The Word of God Kept Him

Funeral Message for Sidney Boyd (1948–2023)

When a teenager (say, 14 or 15 years old) is surrounded by his best friends, living in a safe neighborhood, among happy families, rooted together in a faithful church, the last thing on his mind is that, in sixty years, one of those teenagers would be speaking at the other’s funeral.

We didn’t know it at the time because we just took it for granted that, from about 1956 to 1964, Bradley Boulevard was a kind of paradise in Greenville, South Carolina. Nobody locked the doors at night. We played games after dark, running through the backyards, with no one sounding an alarm. We actually drove go-karts on the neighborhood streets.

World of Friendship

Four blocks northeast was White Oak Baptist Church, the worshiping, relational hub of my life and my friendships. And at the center of that little group was Sidney Boyd — along with Billy Watson and Joel and Carol Reed and Nancy Ponder. Sidney lived four doors down the hill. We virtually never went to a park to play. Our yards were our kingdom, our battlefield, our Wild West canyons and prairies, our strategic rendezvous.

One of the reasons I am here this afternoon is that this little world of friendships meant more to me than most people realized. I felt very much an outlier at Wade Hampton High School. But with my circle of friends in the neighborhood and at White Oak, I was loved. We probably would not have called it love. But it was. We were at home with each other. The thought never entered our minds that one of us might need to pretend anything. Being real and relaxed was not something you did. It was just who we were.

Whether it was a ping-pong game in the garage; or swimming in the backyard pool; or wearing our green uniforms to play church softball; or eating pizza on the picnic table; or sitting in a circle on Sunday night, studying the Bible; that band of friends was a profoundly stabilizing force for me.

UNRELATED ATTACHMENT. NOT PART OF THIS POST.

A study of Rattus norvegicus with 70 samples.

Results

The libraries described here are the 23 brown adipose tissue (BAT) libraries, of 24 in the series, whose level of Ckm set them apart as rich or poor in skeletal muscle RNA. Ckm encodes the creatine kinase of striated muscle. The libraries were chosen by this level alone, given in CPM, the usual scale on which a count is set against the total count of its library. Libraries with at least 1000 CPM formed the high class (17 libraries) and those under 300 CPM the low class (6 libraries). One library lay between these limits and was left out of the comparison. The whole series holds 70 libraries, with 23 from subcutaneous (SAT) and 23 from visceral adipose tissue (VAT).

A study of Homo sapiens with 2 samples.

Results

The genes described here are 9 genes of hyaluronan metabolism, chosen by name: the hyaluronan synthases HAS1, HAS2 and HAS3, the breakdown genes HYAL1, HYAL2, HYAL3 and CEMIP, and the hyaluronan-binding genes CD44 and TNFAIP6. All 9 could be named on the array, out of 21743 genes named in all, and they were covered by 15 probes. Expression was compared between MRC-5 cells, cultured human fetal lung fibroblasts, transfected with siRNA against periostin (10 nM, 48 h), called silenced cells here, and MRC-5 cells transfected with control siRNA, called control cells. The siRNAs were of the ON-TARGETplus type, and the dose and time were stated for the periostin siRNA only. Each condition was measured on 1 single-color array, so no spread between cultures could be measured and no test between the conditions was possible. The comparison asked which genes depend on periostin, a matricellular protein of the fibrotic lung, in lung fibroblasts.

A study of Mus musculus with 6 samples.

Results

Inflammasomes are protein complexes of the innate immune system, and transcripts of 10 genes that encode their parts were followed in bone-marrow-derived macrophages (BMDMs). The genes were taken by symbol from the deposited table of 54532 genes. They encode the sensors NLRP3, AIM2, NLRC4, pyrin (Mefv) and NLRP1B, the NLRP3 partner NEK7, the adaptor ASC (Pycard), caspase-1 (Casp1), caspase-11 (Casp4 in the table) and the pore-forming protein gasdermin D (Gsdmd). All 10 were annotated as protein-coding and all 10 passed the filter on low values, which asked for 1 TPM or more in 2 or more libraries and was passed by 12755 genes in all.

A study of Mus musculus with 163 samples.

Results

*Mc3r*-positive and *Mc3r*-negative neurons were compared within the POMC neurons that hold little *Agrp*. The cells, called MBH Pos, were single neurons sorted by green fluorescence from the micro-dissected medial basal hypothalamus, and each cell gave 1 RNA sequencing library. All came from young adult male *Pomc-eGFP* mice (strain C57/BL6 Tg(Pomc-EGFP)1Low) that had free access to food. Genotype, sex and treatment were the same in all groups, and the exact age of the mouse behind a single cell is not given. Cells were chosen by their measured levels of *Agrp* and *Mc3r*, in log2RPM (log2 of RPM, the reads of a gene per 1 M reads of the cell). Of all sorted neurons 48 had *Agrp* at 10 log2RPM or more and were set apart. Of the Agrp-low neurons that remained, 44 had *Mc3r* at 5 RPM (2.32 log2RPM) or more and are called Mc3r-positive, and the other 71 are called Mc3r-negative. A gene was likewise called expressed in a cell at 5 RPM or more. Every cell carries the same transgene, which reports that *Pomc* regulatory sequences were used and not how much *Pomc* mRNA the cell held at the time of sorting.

Kept by God’s Word

Jesus was always the greatest. We never doubted it. The Bible was always sure. Things weren’t up for grabs. In our own immature way, we saw what we could not name. Jesus and his word and his people were self-authenticating. We didn’t know that word. We couldn’t explain it, any more than we could have explained electricity or the workings of the internal combustion engine or the process of photosynthesis. But we knew that light and motors and plants were real and they worked. Jesus was real. His people were real. And his book worked.

Why did Sidney wake up a believer in Jesus for twenty-five thousand days — including days of deep sorrow and relentless disease? Why did you wake up a believer this morning? The word of God had taken root. And it did its work. “I have said all these things to you to keep you from falling away” (John 16:1). This is what held us: the word of God. And this is what held us together, even when we did not see each other for years.

The word of God made Sidney and kept Sidney. To the end.

Unafraid to the End

So, I am deeply thankful to God and to his Son Jesus and to his word for the life and the friendship of Sidney Boyd. And I think he would be pleased if I left you with two Scriptures, one for him and one for us who still live.

God has not destined us for wrath, but to obtain salvation through our Lord Jesus Christ, who died for us so that whether we are awake or asleep we might live with him. (1 Thessalonians 5:9–10)

Let no one boast in men. For all things are yours, whether Paul or Apollos or Cephas or the world or life or death or the present or the future — all are yours, and you are Christ’s, and Christ is God’s. (1 Corinthians 3:21–23)

We do not need to fear death. It is our servant. Trust Jesus who died for us. Walk in fearless joy, and love the people around you.